KUALA LUMPUR (Jan 30): The need to expedite Government services dealings, tussling for posts, high cost of living, greed, opportunities and power, external stress and peer pressure are among the factors said to be linked to corruption in the public services sector.
This sector is considered the most vulnerable to corrupt practices, especially in the area of government decision-making and procurement.
A Malaysian Anti-Corruption Commission (MACC) statistic revealed that 63.3 percent of complaints received regarding corruption involved the public sector.
Congress of Unions of Employees in the Public and Civil Services (Cuepacs) president Datuk Azih Muda said an effective check-and-balance mechanism, particularly for approval and procurement, needed to be set up to stop fraud and mismanagement in the public sector.
He hoped that the 2019-2023 National Anti-Corruption Plan (NACP), launched by Prime Minister Tun Dr Mahathir Mohamad yesterday, would be sufficient to tackle the corruption menace in the country.
“We hope it (corruption cases) is dwindling. It’s difficult to accept that it hasn’t...we must go back to basic education, beginning from primary schools or when the children are growing up, to be inculcated with values like trustworthiness.
“The government must also play its role in controlling the corruption menace by tackling the rising cost of living,” he told Bernama here today.
Malaysian Institute of Integrity (Integriti) acting president and chief executive officer Dr Ahmad Fadzli Ahmad Tajuddin said that since the public sector dealt with procurement, like the purchase of food, services and jobs, which involved dealings with the private sector, it was inevitable that certain parties would try to take short cuts.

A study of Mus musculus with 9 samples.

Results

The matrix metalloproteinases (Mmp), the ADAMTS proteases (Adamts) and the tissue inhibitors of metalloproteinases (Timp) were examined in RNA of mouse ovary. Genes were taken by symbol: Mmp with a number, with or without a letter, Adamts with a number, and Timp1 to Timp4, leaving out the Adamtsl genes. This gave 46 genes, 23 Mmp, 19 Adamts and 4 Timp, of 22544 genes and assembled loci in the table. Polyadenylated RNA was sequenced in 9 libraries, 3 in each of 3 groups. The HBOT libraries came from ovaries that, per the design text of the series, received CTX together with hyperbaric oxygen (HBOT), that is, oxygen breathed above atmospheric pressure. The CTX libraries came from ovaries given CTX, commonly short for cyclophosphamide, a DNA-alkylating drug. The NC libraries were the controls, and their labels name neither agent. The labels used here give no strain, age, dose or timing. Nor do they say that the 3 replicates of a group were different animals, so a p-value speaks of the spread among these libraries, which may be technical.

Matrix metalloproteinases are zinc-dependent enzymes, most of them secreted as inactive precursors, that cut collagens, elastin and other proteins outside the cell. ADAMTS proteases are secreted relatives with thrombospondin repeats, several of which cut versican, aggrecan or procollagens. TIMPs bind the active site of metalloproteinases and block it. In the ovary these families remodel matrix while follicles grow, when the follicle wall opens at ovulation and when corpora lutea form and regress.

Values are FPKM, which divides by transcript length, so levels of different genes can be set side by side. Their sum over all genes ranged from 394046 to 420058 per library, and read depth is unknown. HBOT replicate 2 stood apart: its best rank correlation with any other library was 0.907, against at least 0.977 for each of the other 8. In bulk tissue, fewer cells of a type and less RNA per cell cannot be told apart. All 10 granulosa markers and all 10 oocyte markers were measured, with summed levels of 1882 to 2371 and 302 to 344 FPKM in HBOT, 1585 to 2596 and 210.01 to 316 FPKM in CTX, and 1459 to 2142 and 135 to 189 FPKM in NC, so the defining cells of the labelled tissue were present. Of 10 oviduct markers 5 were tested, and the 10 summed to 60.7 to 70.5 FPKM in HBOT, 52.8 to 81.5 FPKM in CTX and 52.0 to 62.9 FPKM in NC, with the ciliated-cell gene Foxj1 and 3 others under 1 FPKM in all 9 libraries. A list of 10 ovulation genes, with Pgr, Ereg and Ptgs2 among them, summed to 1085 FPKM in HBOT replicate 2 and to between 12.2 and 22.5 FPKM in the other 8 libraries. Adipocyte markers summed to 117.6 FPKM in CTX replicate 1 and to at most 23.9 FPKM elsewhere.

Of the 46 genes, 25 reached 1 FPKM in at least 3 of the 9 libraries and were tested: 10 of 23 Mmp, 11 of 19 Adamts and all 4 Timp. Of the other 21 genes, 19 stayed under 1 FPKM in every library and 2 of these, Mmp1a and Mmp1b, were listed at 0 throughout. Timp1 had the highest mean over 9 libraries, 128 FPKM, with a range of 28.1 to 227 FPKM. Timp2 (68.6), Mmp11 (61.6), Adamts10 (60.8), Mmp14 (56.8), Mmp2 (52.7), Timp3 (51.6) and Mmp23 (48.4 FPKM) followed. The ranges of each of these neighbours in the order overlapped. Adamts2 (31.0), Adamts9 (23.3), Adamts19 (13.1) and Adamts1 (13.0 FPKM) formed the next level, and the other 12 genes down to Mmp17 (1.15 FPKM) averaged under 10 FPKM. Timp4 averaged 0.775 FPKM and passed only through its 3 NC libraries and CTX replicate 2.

“Sometimes the private sector wants certain dealings to be expedited, resulting in the public sector management taking short cuts. We cannot pin the blame for this menace on one party only because everyone must have integrity when carrying out their duties and responsibilities,” he said.
Transparency International-Malaysia (TI-M) president Datuk Akhbar Satar said that based on the MACC records from 2013 to 2018, 44 percent of those arrested for corruption involved civil servants, which was alarming.
“Various factors cause Government servants to be involved in corruptuion, among them being the opportunity and power possessed by some, surrounding stress (family, life) as well as peer pressure,” he said.
Akhbar suggested that heads of organisations conduct more frequent and tighter supervision to ensure corrupt practices did not exist among their staff as well as impose punitive measures like warnings and expulsions.
He also said that any action plan to fight corruption should be formulated by setting targets which were practical and not rhetoric as well as implemented with effective mechanisms.
“The anti-corruption plans formulated prior to this can’t seem to fully tackle the problem, therefore the NACP should be holistic, covering from the highest, that is the government, to the lowest, that is the public.
“Related agencies like MACC must act on information within its jurisdiction without adopting selective investigation while the public must be the ears and eyes of the authorities by reporting any corrupt practices,” he said.
A total of 115 initiatives under six main sectors have been outlined under the NACP in a committed effort to take the country towards being corruption-free. The six main sectors involve politics, public sector administration, procurement in the public sector, laws and the judiciary, enforcement of laws and corporate governance.